The Christmas Dinner

“Small cheer and great welcome makes a merry feast.”

  • William Shakespeare

I wake up to a blinding light piercing through the blinds. Well, at least it’s not raining. I groan and cover my face with the pillow. I sit up and rub my eyes, yawning. Wait, what day is it? I hastily scramble to check the calendar on my wall that’s filled with red “X’s” to cross off the days as they crawl past. It started out as just something to do to pass the time, but now it’s a daily routine.

Looking past the months of X’s, I spot the next blank day: December 25, 3014 “Christmas Day”. It’s Christmas! I rummage through my closet and pantry after briskly yanking clothes on and find that none of my food is suitable for a Christmas dinner. Especially since I plan on inviting all of my neighbors!

I grab my bag and head out, making sure to greet all of my neighbors and remind them to come to the dinner tonight. “Six o’clock, everybody! Don’t be late!”

“I wouldn’t even dream of missing your cooking!” The old woman two houses down winks and continues trimming her hedges stiffly.

“Aww, thanks, Miss Shirley! Merry Christmas!” She waves before waddling back inside her house with a content grin on her wrinkled face and an amused twinkle in her grey eyes. I chuckle to myself before nearly running into a pigtailed girl whose shiny face is painted with poorly veiled excitement. “Oh, sorry, Jane! I didn’t see you there!”

“It’s okay,” she leans in and whispers conspiratorially, glancing around to make sure no one, namely her mother, hears her. “You are making cookies, aren’t you? The chocolate chip and M&M ones?”

Nodding, I whisper back, “With Santa hats on top, too!” Satisfied and gleaming with approval, she giggles and runs past me. Kids, I think and continue my stroll past the orderly houses and festive decorations. I stuff my hands into my pocket to hide them from the chilly December air. It’s a shame there’s no snow. Climate change, I suppose.

I reach the crowded grocery store humming Christmas carols. The store is filled with people frantically buying the necessary materials needed to procure a holiday feast. I recognize a few faces and greet each of them in turn.

“Morning, Jim! How’s your puppy, Mrs. Nguyen? Happy holidays, Amy! I’m great, how are you, Mr. Johnson? Congrats on winning the championship for the seventh time, Lewis!” I take my time browsing the aisles, relishing in the feeling of festive responsibility, the feeling of having something to do that also makes others feel happier. This feeling is what I usually synonymize with what the movies call the “Christmas spirit.”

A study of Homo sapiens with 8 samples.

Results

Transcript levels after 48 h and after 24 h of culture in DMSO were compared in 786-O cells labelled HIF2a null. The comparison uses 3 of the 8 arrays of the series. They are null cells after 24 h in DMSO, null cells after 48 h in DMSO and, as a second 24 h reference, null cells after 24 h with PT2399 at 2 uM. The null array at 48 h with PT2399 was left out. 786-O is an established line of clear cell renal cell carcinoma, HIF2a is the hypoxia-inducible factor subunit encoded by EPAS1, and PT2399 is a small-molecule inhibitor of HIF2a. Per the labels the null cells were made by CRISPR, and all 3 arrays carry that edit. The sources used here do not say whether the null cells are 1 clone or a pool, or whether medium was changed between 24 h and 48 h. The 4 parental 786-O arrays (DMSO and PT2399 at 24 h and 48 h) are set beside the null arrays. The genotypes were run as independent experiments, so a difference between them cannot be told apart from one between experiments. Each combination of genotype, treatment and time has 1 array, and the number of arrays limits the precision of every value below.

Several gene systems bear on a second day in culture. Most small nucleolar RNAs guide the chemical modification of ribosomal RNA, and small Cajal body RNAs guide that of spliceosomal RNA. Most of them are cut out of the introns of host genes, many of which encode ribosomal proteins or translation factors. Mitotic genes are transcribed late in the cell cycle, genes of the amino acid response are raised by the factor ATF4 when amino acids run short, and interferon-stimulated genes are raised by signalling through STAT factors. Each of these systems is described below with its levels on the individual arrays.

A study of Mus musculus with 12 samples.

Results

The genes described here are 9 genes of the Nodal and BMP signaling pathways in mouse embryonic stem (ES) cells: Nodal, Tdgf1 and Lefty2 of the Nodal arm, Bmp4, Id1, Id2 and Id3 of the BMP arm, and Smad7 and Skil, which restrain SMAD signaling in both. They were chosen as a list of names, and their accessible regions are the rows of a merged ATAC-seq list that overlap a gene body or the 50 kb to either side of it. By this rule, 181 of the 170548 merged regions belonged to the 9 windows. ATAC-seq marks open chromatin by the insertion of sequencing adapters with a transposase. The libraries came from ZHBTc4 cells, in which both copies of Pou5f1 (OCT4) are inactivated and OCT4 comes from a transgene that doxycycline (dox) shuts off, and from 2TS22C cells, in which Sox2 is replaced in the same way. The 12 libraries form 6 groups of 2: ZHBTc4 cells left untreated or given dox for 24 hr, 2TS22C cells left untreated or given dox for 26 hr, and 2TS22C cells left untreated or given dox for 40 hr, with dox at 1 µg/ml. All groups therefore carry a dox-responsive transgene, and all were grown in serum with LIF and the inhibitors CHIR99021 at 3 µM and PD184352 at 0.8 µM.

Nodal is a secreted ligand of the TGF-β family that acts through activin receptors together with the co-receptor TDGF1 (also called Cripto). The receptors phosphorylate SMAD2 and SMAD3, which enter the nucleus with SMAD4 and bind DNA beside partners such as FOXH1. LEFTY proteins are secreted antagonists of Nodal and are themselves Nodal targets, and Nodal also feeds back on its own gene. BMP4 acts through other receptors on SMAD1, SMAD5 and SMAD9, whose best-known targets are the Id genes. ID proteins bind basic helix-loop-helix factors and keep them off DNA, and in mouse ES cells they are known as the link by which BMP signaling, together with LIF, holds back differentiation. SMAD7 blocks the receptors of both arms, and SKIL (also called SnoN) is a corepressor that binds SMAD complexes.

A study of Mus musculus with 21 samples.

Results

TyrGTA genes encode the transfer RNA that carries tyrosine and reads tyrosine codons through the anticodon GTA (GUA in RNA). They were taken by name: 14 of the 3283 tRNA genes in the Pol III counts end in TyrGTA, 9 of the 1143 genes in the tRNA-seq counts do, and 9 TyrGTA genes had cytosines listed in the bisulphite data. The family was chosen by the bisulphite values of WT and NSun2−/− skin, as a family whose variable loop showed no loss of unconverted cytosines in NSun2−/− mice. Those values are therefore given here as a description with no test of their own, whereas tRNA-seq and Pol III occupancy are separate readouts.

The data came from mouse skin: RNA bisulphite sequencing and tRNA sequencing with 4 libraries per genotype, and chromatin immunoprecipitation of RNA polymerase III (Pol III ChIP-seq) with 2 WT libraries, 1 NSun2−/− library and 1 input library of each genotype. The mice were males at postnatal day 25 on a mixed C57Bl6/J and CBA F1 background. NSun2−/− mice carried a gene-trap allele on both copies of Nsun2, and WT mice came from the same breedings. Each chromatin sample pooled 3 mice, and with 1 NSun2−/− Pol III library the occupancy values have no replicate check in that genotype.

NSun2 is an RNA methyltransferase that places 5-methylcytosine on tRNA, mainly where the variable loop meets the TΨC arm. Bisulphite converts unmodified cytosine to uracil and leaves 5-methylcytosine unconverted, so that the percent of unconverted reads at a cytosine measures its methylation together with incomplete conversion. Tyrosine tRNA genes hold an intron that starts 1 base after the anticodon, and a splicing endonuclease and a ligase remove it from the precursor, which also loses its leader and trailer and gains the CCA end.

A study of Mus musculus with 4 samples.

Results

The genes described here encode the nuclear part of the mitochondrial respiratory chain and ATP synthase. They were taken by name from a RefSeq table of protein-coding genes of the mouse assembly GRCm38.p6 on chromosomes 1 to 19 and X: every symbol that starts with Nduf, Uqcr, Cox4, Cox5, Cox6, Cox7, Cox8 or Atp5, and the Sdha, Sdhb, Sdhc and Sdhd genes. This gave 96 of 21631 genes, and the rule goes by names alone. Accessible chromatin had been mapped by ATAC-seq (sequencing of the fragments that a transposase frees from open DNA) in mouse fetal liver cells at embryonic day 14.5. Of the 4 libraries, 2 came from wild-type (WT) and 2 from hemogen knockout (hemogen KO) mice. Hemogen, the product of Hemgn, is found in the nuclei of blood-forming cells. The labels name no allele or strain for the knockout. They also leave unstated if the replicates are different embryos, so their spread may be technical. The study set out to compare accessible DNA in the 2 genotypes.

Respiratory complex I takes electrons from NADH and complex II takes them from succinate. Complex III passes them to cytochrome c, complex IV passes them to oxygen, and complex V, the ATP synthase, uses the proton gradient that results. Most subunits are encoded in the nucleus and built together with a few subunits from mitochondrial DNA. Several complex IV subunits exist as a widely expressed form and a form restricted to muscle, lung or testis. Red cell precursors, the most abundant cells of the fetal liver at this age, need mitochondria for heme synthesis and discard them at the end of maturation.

I make sure to consult my list of groceries and my memories of allergies or food preferences. I remember Lewis’ decision to go vegan three months ago, Jane’s deathly peanut allergy, which she always forgets, and Miss Shirley’s lactose intolerance, which she swears is a hoax.

I greet the cashier warmly and glance at the people around me. Although anxiousness and agitation waft through the artificial air like the mouthwatering scent of a roast or a freshly baked pie, exhilaration from the festivities gleams through their glassy eyes. I relish in this feeling and wrap myself in its comforting eagerness. I really do love celebrating a holiday filled with those I cherish.

On my way back to my house, the brisk air turns colder as frost nips at my ears. I tug my coat up higher and my hat down lower as I attempt to rush into warmth albeit the groceries weighing me down. The kitchen is quickly filled with humming and clanging pans and whooshing stoves and dashes of spice as I fall into the enchanting routine of cooking.

Regardless of the sun’s descent as dusk rises into the sky’s domain, the night ambiance intensifies while the monotonous clock on my wallpapered wall ticks closer to six o’clock. I already have everything set out and am finishing laying the utensils when the doorbell rings for the first time. I hang up my apron and sweep my eyes over the dining room for a final time before guests arrive. My grin swells with pride at the spread before me.

One by one and family by family, my neighbors file in, bundled in coats and scarves. The empty house is soon filled with chatter and the clinking of forks on a plate.

“Why don’t you turn the radio on?” someone suggests brightly. I spring out of my chair and toward the kitchen to turn on the battery-operated stereo. I dial to my usual station on my way back to the dining room.

“Merry Christmas, everyone!” I cheer and sit back down. “For today’s update, the capital city has yet to be opened due the violent pandemic as we already know. Although scientists predict that it may be another year before they can look for survivors without infecting the rest of the country, today’s statement included the suggestion that there may be very few people still alive.”

I laugh, “Well, I’m still here, obviously. Don’t worry, everyone; I’m sure they’ll come and look for us sooner rather than later.” I look up at the fixed smiles, painted plastic faces, and a few missing fiberglass limbs around my table and grin lovingly at the familiar company. “Merry Christmas, friends. Bon appetit!”

Happy holidays, readers! I hope your festivities are filled with fun and excitement! Remember to not only double-check your tablemates but also remember the wise and insightful words of Bart Simpson: “Aren’t we forgetting the true meaning of Christmas? You know, the birth of Santa?”